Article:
Is Contesting a Waste of Time and Money?

A No-Nonsense Marketing Smart Tip October 20, 2004

There has never been a research study in Radio which has shown that listeners want contests. Few listeners say contests are important or desirable and fewer still say they have ever participated in one. But if this is really true, then why do we invest so much effort and money in them? In the absence of supporting TV or direct marketing, do contests increase ratings any more than doing nothing? How can we make contests work better?

Do Contests spike Ratings?

With the right mix of ingredients and the right direct mail or TV support, contests can definitely work. But without these supporting elements (which are, themselves, advertising the station) the jury is very much out.

But it doesn’t need to be this way. We shouldn’t always have to lean on heavy direct marketing or TV support in order to make contests work. But can contests work without this support? There is a way….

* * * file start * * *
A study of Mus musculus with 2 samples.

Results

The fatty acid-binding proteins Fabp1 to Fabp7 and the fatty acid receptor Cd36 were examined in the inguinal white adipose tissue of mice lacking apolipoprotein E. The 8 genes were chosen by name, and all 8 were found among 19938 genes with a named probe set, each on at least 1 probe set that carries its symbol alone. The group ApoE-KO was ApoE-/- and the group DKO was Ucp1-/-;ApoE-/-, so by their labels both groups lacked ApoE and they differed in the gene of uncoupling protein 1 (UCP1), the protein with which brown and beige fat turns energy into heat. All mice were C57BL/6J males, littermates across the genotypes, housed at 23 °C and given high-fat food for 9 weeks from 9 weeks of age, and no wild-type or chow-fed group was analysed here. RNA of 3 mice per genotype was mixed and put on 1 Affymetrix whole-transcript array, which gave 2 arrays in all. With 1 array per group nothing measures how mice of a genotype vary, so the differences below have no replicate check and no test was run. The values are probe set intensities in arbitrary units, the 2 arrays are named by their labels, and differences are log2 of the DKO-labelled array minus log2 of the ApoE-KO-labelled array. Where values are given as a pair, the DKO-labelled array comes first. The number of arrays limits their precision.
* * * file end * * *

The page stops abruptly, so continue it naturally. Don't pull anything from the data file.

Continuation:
Making Contests work better

Whenever we whip up a contest, we are usually obsessed on the prize: “What do people want to win?” Then our strategy is to get as many of these items (or as much cash) as possible. This thinking is exactly wrong, I believe. Plenty of research has shown that the impact of $100,000 is only slightly greater than the impact of $10,000. More is not always better.

You see, the value of a prize isn’t in the prize itself but in why listeners want the prize. It’s in what the prize does for the listener. It’s in the prize experience. And that’s something we almost never focus on.

Creating the “Prize Experience”

When Vons, a California supermarket chain, wanted to tie in with Pixar’s new movie The Incredibles, they didn’t give away a zillion tickets to the movie, they gave away one total room makeover by a Pixar designer. That is, they didn’t give away a prize, they awarded a “prize experience.”

The answer for your station isn’t to get a hundred plasma TV’s – it’s to get ONE plasma TV and makeover a room in the winner’s home into a theater, with movie seats, a popcorn machine, dimming lights, and state-of-the-art audio. it’s the “home theater experience.”

The answer isn’t to get a hundred Harley bikes, it’s to get ONE Harley, a biker outfit, an instant membership with a Harley Owner’s Group, and a pole position for a ride through town in honor of the winner. It’s the “Harley experience.”